DC Flag superimposed with Hip Hop image

In a June 2016 interview with the Breakfast Club DJ Drama said, “One thing about Atlanta is every 3, 6, 9 months there’s always somebody hot, somebody new.”

Start with that, and as Nicki Minaj says, “Let it soak in like seasoning…” and then weigh it against your own observations about the state of Hip Hop in DC. What did you come up with? That the music industry infrastructures in Atlanta and DC are so wildly different that a fair comparison is impossible to draw? True. But if you conclude that, then it begs the question, “What’s up with that?”

In the past we’ve put a variation of this question to three highly regarded people with insights into the DC music scene; Cathy Hughes, Marcus J. Moore, and DJ Boom. Then we read a recent review by the esteemed music writer Marcus K. Dowling about the “Glowed Up” showcase in which he postulated that we are witnessing a transition in DC Hip Hop that will (maybe) put us on par with major markets. Then we listened to an Tabi Bonney on WLVS Radio where homeboy couldn’t even compile a list of up and coming DC artists, which to be fair is not his job.

In a Sophisticated Sunday interview with us Radio One founder Cathy Hughes said, “This city has produced some of the greatest names in music; Marvin Gaye, Duke Ellington, Roberta Flack, Herb Fame, Billy Stewart; I mean the list is endless. Chuck Brown. Chuck Brown created an entire music genre. He created go-go. But I think it’s always going to be hard for the entertainment industry to get a foothold in DC…”

Nationally known music writer Marcus J. Moore, who is now a senior editor at Bandcamp basically did a must-read primer for any DC artist who seriously wants to get to the next level in his “10 Questions 4” interview with OnStage.  Importantly he said, “Too many young rappers want to emulate the people who’ve already got on; they dress and rap like Wale, and wonder why no one takes them seriously. We need more young rappers to provide the alternative, to create art that’s dynamic and different, not just the same cookie-cutter nonsense that’s so popular now. The rap game is a rat race, so when they see someone earning money rhyming a certain way, they feel the need to reinvent the wheel instead of making music with staying power. We need artists to provide the alternative, and stop trying to fit in with the crowd. If everyone else is creating what you’re creating, why should anyone pay attention to you? What makes you stand out? Now that Fat Trel is beginning to make national strides, the field is wide open for someone to take the crown. I just hope the next rapper does something unique. They can’t always pop bottles and sell drugs.”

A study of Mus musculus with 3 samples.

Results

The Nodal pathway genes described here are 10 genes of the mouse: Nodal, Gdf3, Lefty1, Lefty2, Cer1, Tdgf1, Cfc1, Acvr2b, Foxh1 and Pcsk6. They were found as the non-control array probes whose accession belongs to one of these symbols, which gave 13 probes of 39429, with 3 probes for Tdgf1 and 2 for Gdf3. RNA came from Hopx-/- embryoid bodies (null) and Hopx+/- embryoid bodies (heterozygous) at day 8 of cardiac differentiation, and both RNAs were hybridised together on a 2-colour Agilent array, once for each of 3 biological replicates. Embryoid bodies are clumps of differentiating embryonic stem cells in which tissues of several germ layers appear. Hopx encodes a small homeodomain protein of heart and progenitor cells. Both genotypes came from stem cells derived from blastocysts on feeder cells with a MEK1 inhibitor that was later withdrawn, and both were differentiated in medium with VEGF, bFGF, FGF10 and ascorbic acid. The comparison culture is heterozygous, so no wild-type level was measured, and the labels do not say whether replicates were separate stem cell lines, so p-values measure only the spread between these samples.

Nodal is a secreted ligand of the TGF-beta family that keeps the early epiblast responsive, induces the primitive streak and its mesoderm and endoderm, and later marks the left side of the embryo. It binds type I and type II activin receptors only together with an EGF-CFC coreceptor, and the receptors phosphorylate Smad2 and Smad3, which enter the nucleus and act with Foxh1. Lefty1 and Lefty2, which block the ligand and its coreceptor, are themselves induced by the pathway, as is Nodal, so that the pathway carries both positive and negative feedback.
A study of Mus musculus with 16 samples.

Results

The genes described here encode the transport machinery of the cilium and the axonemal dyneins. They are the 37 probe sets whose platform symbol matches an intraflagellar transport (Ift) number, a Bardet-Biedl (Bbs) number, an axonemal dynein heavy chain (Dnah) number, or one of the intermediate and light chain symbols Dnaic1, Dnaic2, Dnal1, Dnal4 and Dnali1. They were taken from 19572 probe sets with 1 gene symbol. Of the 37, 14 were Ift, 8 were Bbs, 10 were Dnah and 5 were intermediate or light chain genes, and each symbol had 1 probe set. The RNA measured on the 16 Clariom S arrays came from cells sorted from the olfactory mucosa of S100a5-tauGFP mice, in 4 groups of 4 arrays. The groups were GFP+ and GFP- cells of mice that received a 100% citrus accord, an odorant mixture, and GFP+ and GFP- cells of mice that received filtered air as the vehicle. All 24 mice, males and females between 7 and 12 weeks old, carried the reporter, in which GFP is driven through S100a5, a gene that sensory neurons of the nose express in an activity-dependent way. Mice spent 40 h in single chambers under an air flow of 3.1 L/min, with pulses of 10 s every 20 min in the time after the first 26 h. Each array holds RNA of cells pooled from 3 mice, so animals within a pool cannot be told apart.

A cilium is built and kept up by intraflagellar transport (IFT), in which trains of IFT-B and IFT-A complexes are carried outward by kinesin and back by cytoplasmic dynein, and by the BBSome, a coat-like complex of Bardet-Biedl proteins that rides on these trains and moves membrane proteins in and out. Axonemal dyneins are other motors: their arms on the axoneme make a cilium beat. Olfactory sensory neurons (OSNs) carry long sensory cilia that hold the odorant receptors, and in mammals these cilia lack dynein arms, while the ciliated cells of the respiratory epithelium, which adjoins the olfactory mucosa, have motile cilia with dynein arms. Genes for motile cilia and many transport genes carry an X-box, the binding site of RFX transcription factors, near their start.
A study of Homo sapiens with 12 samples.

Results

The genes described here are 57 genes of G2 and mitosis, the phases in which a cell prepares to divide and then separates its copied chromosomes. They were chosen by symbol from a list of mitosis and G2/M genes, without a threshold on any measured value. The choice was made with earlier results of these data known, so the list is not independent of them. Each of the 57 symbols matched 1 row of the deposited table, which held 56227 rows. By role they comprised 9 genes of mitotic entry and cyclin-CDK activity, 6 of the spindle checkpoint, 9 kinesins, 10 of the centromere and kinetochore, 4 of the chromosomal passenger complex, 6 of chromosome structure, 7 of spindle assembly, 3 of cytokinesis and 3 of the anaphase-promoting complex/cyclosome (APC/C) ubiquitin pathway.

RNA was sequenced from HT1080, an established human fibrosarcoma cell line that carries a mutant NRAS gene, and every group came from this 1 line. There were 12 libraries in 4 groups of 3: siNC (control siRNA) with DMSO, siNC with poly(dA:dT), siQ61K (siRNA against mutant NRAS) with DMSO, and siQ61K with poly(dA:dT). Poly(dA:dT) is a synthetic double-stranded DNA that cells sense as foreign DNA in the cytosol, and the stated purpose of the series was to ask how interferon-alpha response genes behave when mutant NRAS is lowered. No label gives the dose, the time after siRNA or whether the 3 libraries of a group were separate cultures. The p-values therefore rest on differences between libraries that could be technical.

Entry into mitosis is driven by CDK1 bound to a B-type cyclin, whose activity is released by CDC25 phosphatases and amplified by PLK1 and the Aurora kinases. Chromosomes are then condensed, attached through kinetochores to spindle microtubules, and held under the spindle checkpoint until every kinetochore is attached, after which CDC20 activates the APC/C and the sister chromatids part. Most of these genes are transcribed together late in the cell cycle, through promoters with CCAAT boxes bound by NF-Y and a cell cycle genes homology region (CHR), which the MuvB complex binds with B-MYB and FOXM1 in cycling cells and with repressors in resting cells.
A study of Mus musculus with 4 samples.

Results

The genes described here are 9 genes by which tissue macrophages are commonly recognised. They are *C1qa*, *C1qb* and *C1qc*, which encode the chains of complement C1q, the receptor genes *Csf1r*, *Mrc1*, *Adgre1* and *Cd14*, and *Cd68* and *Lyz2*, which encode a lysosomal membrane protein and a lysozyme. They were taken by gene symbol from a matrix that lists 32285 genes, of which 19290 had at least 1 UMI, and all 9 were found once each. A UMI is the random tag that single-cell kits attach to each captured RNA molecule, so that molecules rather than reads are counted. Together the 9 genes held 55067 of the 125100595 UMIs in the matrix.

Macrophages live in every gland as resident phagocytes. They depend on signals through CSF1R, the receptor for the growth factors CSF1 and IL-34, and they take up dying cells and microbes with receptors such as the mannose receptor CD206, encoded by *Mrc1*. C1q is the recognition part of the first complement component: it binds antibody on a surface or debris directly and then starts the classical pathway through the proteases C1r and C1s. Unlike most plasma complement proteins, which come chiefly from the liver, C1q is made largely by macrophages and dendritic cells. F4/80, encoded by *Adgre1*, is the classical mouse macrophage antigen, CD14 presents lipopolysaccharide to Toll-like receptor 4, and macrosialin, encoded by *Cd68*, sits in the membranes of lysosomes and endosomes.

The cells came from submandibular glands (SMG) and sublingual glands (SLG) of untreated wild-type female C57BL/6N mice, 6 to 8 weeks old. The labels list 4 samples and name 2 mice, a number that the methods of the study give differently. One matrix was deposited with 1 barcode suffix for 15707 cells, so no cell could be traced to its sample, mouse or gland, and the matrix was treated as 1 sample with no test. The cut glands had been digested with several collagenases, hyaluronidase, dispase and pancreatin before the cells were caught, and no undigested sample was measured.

And Listen Vision Studio founder and owner Jeremy Beaver aka DJ Boom in a December 2012 “10 Questions 4” interview pointed out something that 4 years later still provides the best answer to the Atlanta/ DC comparison; “…what the area seems to be missing is industry, i.e., record labels, management companies, booking agencies, and major corporations willing to work with or utilize the wealth of talent in this area. We have BET, Discovery, XM/Sirius, National Geographic, RIAA, Radio One and others; but their local community integration is limited.”

Put those three observations together you come up with; DC has always been a storehouse of talent but where Hip Hop is concerned even our most talented artists can’t find traction because too much of what they’re doing is emulative as opposed to being groundbreaking, and what’s missing is the same music industry infrastructure in place and available in Atlanta, i.e.., record labels and management companies, marketing professionals and access to distribution networks.

Marcus K. Dowling’s always astute observations are backed by a foundational knowledge you don’t find in everyone whose job it is to write about music. The Glowed Up review, though it seemed a bit deadline rushed and didn’t flesh out all the thoughts he probably wanted to share is a good jump off point for a discussion of the state of Hip Hop in DC and its surrounding area. Respectfully, we’d disagree that DC has a “now nationally relevant rap scene.” That aside, what is most prescient is his point about transitions and that he believes the artists he was reviewing represent the revitalization of DC area Hip Hop. Awthentik and Cane and Brain Rapp and Nature Boi bring stylistic flourish and craftsmanship to the table. They make the kind of music Marcus J. Moore is calling for DC artists to make. As far as local artists go they are among the most competent, with Awthentik and Brain Rapp definitely deserving of national attention.

But the music business doesn’t reward artistic competence alone. It takes that, and luck, and timeliness, and who you know, and how you are marketed and a bunch of other stuff. And location does play its part. The “business” part of the music business isn’t looking for artistry. It’s looking for sales. That’s the catch for DC.  Artists who can’t sell in their hometown don’t breed any confidence that they can do so nationally and globally. It has to start at home with clubs playing your music, and radio playing it, and sold-out local appearances and folks paying to download the music of their favorite local artist. So we are back to infrastructure of which the most relevant aspect is a fully fleshed out ability to market your brand and product.


In Part 2 we’ll talk about infrastructure and market development and name 10 local artists who should be the tip of the spear in leading DC to the next level in the music industry.